Can’t go wrong with coconut milk and far too much sugar.
15 Tasting Notes
Got tis from the store, mized with Rooibos Tropica, and it gives a nice, fragrant, floral and fruity cup. The actual black tea counters some of the herbal weirdness I always get from red tea, and the fruit mixes well with the flowers. Lovely.
One of those semi-generic fancy teas you can get if you have access to restaurant food distributers. Strong, black, tends toward bitter if you leave it too long, but that makes it a really good iced tea, and means it holds up to milk and sugar if you drink it hot. Like a lot of these flavored teas, the cherry is more of a scent than a taste, but it’s a really nice scent.
Just enough blueberry to be interesting, but more of a scent than a taste. Still, it’s compelling enough that I keep coming back to it, and I’m growing pretty fond of it.
I generally prefer my apple-spice teas to be more apple and less spice, but if you drink Celestial Seasonings, you should know that they’re super-fond of cinnamon, so it’s not a big surprise that this one is heavy on that particular spice. The apple is more of a scent than a taste, really. But it’s really good mixed with a basic black tea (today I’m using Yorkshire Tea because it’s strong enough to stand up to it), and it’s strong enough to take to milk and sugar well.
This tea is not that good for you since it’s a mix, but it’s also not that bad, and it tastes great! Not too sweet, a little bit of body from the milk (especially if you mix it with less water than it says to, like I do), and a good strong almost-real tea taste— not like the Lipton instant teas that all sort of taste harsh or sour at all.
Brew it really strong, sweeten it when it’s hot, and drink it over ice. Delicious!
Any Lapsang is one of those things you either love or hate. It smells like leather, or a bonfire, or meat— or all of the above— and that’s kind of a turn off for a lot of people, but when you brew it up, it’s no smokier than a Russian Caravan tea most of the time. It’s great for winter. Good with sugar and milk. If you’re eating with it, don’t do anything too delicate— this is a tea for a fried breakfast, not for tea cakes (unless you have one hearty enough to dip without it falling apart; it’s good on a good buttery-sweet sort of cake).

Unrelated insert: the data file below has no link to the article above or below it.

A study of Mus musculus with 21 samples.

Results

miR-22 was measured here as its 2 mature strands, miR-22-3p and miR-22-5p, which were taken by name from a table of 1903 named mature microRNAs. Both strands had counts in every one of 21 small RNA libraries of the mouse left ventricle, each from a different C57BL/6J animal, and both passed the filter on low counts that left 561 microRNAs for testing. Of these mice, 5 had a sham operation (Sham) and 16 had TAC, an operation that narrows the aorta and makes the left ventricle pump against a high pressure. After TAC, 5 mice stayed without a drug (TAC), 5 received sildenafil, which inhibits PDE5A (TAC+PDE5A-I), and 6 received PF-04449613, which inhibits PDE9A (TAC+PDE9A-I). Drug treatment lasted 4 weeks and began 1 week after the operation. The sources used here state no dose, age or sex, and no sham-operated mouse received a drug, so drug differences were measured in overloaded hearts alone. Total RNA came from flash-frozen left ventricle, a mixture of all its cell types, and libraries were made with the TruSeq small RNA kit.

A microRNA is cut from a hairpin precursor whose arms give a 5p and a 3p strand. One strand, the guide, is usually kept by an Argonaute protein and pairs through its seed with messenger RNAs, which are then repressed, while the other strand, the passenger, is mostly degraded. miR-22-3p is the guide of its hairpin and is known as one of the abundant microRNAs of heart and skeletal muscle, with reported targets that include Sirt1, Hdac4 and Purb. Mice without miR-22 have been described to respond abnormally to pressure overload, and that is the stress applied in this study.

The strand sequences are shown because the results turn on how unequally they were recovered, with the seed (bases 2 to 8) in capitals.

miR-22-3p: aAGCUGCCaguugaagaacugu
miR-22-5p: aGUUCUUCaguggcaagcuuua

Twinnings has a gentler one to start with. Stash has a bolder one to move on to. The ones direct from China are bolder still, and higher-quality tea makes them more complex.
A little sharp for everyday drinking, but the best thing in the world if you have a bad cold coming on, especially if you add enough honey to soothe a sore throat along the way. I’ve fought off strep throat with this. It’s that good.
The smell of blackberries and the fresh, slightly astringent taste of sage. Tasty, refreshing as an iced tea, and if you don’t sweeten it, it’s really good for when you have canker sores or bad teeth.
At the coffee shop I worked at, we used to call this “Tea of Iniquity”. Because it sounds funny. There are better brown-rice / genmaichas out there, but this is the perfect one for a starter or an entry-level: to get used to the flavor and the idea. And it’s a good fall-back, too, for when you want genmai, but you can’t afford the really expensive stuff from Japan.
Very strong. This is tea for coffee drinkers. But if you like strong teas, this is a good one!
I like that this is an all-purpose tea, but it’s in the British tradition: that means it’s intended to be drunk with milk and sugar, and THAT means that if you aren’t a milk-and-sugar-er, it’s probably going to be too strong and too bitter very quickly. Here’s a solve: brew it over and over again for only a minute or so to drink it straight, and take out the tea bag between brewings. Otherwise, it really is good British-style, and develop a taste for the ol’ milk and sugar. It’s also good as a London Fog— brew it directly into a cup of really hot or even coffee-shop-steamed milk, with some sugar or vanilla syrup to sweeten it just a little.
The most basic green tea at the Asian Market— only a few dollars for a huge box— but decent. Never bitter, blends well with other teas, has a real green-tea taste without being grassy or overly heavy, and lends itself well to being left in the teapot without getting bitter. A good every-day tea, for when you want to drink lots and don’t want to pay lots.
I love all things roses and this is one of my favorites— it tastes the way roses smell, even if you don’t sweeten it (although it also goes well with milk and sugar). The black tea is pretty mellow; even if you let it sit, like I usually do, it never gets too bitter to drink, and when it’s really strong, it’s good iced. I’m almost out of my beloved box; I’ll have to get more!